Líf - og heilbrigðisvísindaráðstefna Háskóla Íslands 2021

The inseparability of visual processes in dyslexia and the inseparability of visual categories in prosopagnosia

Main author: Bahareh Jozranjbar
Institution or Company: University of Iceland

Co-Authors, Institution or Company:
Heiða María Sigurðardóttir, University of Iceland. Árni Kristjánsson, University of Iceland. Randi Starrfelt, University of Copenhagen, Copenhagen, Denmark. Christian Gerlach, University of Southern Denmark, Odense, Denmark.

Introduction: The selectivity of developmental prosopagnosia and dyslexia for stimulus category (faces or words), or process (featural or configural processing), is a subject of controversy. By manipulating featural and configural information in faces and houses, we investigated whether people with developmental prosopagnosia or dyslexia are disadvantaged in recognizing certain object classes or utilizing particular visual processing mechanisms.

Methods: Dyslexic and typical readers were tested in a delayed matching paradigm and individuals with prosopagnosia and matched controls on a simultaneous matching task.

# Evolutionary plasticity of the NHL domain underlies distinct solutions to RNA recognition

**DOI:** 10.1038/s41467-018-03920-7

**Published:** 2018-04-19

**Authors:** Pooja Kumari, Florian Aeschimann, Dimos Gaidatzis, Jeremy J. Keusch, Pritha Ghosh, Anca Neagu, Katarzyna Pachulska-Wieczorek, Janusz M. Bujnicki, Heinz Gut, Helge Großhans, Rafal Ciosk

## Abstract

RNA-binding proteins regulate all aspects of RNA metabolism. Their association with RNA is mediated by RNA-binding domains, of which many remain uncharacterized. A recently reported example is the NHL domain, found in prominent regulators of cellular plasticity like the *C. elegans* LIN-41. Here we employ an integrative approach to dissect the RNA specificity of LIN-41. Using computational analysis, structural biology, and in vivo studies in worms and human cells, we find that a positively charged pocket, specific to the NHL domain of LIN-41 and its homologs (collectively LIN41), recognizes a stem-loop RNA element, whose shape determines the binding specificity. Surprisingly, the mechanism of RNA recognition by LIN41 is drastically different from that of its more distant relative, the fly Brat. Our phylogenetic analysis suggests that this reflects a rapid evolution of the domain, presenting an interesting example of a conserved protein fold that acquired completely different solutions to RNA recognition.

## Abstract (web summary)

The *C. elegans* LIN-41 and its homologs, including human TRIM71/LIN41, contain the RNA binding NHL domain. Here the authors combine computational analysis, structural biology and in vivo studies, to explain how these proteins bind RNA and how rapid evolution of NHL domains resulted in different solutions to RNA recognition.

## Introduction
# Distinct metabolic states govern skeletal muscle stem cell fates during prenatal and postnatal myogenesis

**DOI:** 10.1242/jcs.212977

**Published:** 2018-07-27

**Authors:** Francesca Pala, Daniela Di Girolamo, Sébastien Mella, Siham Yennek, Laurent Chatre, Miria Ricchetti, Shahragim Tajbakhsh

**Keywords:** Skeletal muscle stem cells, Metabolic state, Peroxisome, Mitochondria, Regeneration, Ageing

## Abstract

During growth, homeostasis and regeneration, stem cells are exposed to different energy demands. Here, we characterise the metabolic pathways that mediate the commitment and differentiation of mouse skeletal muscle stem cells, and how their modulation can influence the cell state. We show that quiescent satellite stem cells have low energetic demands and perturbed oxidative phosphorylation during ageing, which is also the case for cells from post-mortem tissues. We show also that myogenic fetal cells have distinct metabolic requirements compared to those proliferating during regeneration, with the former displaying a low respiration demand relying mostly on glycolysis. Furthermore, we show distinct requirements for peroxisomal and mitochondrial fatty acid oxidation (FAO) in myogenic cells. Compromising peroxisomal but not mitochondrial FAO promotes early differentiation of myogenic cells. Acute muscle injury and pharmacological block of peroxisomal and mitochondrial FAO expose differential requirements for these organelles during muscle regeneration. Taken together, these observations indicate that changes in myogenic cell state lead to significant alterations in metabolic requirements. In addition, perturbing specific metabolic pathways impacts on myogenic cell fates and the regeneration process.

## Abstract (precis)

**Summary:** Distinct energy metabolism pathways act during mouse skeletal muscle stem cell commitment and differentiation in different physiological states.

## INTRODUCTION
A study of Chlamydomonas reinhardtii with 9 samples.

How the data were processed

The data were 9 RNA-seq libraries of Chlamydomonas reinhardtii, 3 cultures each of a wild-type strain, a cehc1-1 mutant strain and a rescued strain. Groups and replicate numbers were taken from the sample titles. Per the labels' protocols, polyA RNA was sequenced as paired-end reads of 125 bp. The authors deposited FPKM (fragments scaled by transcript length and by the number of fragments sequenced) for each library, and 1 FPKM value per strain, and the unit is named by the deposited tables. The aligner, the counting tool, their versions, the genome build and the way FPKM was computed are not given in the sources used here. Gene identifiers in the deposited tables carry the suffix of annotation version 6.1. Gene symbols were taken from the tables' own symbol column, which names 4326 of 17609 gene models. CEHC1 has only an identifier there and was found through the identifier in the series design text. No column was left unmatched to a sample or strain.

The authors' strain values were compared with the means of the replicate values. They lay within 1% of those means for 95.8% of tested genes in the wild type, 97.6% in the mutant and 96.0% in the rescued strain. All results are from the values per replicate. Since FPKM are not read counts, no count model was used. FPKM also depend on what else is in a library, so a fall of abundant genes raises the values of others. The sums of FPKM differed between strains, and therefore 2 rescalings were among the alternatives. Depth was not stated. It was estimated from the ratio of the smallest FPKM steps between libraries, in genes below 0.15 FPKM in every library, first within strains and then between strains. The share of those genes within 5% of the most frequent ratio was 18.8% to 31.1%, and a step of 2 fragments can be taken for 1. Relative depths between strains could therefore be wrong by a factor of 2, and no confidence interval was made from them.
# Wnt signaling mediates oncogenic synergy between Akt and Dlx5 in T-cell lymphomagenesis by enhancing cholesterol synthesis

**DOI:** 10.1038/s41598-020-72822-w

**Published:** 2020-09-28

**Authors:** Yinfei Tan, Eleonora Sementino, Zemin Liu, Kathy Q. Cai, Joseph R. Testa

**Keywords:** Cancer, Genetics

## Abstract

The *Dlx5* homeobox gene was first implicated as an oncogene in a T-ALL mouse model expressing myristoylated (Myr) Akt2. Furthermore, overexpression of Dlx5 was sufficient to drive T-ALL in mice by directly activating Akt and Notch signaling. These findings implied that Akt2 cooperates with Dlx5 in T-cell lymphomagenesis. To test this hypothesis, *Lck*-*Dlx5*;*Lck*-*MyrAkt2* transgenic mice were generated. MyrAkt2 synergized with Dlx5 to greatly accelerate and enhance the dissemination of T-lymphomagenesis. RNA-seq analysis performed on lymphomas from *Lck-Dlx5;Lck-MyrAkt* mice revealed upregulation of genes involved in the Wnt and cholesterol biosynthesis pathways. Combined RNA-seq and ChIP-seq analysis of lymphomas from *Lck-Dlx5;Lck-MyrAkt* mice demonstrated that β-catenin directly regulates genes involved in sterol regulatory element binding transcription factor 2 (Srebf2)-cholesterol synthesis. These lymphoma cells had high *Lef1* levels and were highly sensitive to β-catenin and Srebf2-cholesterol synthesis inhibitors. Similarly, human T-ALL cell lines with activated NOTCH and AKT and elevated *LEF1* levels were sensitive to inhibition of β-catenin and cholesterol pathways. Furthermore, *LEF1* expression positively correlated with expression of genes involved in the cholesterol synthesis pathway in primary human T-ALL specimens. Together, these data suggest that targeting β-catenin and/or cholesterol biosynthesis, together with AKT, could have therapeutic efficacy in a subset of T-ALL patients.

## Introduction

Results: We used Representational Similarity Analysis (RSA) to correlate individual responses within each group and evaluate the similarity of these correlation matrices (reference models) with predicted data patterns (conceptual models). The reference models are correlation matrices of the accuracy of featural and configural processing of faces and houses with various difficulty levels. We created three conceptual models based on possible patterns for categories, processes, and task difficulty. RSA on behavioral data from the control groups revealed that processes were clearly separable as were responses to different stimulus categories. In comparison, dyslexic readers appeared to rely on a single visual process regardless of whether features or configurations were task-relevant, and the prosopagnosia group did not perform differently based on stimulus category.

Conclusions: We speculate that some dyslexic readers’ reading deficits reflect their dependence on a single process for object recognition. In contrast, the inseparability of visual categories in individuals with prosopagnosia suggests that their recognition problem is not category-selective.